Harry Winston is putting a friendlier face on its retail.
The grand opening Thursday of the fine jewelry brand’s Las Vegas store within the Crystals at CityCenter marked the official introduction of a revamped store design instituted to convey Harry Winston’s accessibility by simultaneously being more open and more intimate than past stores. The new look was unveiled as Harry Winston is embarking on an aggressive expansion plan to grow its existing retail network of 20 units to 50 within the next five years, including seven stores this year.
“Clients have evolved, and they want something less intimidating and warmer,” said Frédéric de Narp, who became chief executive officer and president of Harry Winston in 2009 after holding the ceo post at Cartier North America. “This is what we are creating with this [Las Vegas] salon and in trying to constantly enhance the experience.”
Harry Winston joined forces with interior designer William Sofield, Tom Ford’s long-time collaborator, to update its store concept. The facade of the 1,900-square-foot Las Vegas store is transparent glass in the spirit of openness to give passersby a chance to glance inside at the merchandise. The store’s interior is separated into distinct areas for watches, bridal, and contemporary and high jewelry. There is a private room with a 30-foot cathedral ceiling, as well.
The exterior lets people “know what they are getting themselves into,” said Sofield. “In some ways, it is not different from a dollhouse where you can see a cross section of the world of Harry Winston.”
More than half of sales within Harry Winston stores are typically from high jewelry, according to de Narp. One-third comes from bridal and the rest from contemporary jewelry and watches. With the new concept, de Narp believes that watches especially will be a larger part of the sales mix.
Planting another store in Las Vegas — the brand already has one at the Forum Shops — is risky at a time when the discretionary spending Mecca isn’t yet clicking on all cylinders after taking a pounding during the recession. In particular, the Crystals at CityCenter got off to a slow start upon its opening at the end of 2009, but de Narp said that he’s been pleased with the performance of Harry Winston’s store there, which has been in soft-launch mode for about six weeks.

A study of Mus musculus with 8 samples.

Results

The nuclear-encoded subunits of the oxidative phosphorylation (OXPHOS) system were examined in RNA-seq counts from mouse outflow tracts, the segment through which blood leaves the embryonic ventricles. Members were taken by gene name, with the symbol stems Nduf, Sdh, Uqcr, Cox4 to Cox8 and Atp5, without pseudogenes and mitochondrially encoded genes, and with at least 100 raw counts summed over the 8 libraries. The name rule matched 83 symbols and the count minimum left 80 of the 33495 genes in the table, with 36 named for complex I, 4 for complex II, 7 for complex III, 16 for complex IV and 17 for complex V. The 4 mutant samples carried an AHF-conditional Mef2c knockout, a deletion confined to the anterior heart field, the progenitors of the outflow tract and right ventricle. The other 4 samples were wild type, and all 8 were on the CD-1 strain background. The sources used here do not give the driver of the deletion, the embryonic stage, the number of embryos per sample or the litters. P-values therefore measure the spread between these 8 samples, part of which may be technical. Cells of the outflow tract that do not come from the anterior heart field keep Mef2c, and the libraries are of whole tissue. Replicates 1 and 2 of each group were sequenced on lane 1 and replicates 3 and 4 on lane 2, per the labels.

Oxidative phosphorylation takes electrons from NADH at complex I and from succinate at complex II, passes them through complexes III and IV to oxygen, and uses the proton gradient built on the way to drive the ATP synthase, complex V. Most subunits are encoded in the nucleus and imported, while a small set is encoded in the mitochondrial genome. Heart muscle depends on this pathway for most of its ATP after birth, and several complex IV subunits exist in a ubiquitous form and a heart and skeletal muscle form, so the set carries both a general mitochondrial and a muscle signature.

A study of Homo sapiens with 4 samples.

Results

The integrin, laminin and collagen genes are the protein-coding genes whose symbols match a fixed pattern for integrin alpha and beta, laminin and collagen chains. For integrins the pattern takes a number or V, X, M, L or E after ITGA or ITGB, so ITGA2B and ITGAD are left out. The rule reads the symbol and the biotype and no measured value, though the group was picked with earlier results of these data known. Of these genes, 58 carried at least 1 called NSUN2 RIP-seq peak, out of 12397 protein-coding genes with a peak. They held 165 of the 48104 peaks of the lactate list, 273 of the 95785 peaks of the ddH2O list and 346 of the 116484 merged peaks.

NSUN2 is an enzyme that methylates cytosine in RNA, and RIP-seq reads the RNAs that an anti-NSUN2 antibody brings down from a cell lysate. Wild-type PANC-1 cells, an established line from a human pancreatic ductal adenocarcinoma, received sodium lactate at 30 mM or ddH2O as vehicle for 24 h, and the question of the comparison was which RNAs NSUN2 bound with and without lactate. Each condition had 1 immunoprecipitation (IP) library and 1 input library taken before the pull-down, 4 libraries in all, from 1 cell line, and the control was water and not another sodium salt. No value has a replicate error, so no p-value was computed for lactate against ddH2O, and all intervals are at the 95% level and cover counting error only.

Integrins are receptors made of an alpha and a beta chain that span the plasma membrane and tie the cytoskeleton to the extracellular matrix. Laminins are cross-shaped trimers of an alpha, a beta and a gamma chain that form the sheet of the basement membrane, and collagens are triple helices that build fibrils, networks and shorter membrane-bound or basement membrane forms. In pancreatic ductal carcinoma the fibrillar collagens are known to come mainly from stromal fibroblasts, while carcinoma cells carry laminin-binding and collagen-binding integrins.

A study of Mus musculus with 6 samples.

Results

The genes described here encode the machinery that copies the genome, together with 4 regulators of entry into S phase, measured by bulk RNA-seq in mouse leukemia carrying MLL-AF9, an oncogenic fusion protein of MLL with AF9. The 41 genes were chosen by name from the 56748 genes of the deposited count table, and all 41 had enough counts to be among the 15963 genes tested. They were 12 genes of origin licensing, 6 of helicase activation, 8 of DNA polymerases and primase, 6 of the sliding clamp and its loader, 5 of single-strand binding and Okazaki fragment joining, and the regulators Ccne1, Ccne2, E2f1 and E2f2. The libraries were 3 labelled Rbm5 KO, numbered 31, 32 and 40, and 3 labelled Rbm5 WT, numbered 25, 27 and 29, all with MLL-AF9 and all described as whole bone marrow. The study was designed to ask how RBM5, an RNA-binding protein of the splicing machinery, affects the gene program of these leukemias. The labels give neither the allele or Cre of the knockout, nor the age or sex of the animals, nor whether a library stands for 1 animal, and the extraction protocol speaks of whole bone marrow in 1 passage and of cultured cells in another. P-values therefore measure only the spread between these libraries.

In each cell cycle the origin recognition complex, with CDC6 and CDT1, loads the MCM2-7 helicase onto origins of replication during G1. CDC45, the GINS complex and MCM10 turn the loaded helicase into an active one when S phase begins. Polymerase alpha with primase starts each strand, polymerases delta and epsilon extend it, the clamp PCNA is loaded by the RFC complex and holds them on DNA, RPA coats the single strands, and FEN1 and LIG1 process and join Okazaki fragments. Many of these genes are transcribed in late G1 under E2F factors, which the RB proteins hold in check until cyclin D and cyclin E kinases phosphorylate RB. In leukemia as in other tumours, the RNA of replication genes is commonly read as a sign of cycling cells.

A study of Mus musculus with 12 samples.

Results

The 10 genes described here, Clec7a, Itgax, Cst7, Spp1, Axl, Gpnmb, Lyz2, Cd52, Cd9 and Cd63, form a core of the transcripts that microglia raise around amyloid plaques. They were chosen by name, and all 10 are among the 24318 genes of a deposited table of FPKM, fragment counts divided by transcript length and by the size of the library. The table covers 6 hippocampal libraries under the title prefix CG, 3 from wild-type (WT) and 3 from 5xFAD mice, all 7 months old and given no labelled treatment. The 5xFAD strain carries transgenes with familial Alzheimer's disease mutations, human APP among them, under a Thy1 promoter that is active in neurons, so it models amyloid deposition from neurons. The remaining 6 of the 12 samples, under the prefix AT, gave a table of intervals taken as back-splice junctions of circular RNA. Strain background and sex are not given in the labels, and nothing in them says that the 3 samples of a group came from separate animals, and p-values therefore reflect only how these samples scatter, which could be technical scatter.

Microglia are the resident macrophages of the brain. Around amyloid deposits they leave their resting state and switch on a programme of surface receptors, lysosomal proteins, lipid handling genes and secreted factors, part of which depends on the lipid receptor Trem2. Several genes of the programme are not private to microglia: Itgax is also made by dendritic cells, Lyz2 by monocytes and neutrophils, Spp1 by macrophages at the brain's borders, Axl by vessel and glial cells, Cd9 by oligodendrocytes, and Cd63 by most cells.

The initial approach to the Crystals store was “to be conservative and give it two to three years to be at a good speed, but after a month and a half, I can tell you we are much more ahead than we budgeted,” said de Narp. Of Las Vegas generally, he added, the city “has been hurt big time, but I want to invest in Vegas and this is why we are spending time, money and energy. I believe this is a market that will surely recover.”
After Las Vegas, Harry Winston is turning its retail focus to China, where de Narp said “100 percent of the capital investment for new stores around the world” would be spent this year. The brand is opening three company-owned stores in China this year. Dubai and Moscow will get Harry Winston stores this year through partnerships. Harry Winston stores average 1,500 to 2,000 square feet, although flagships can rise to 5,000 square feet.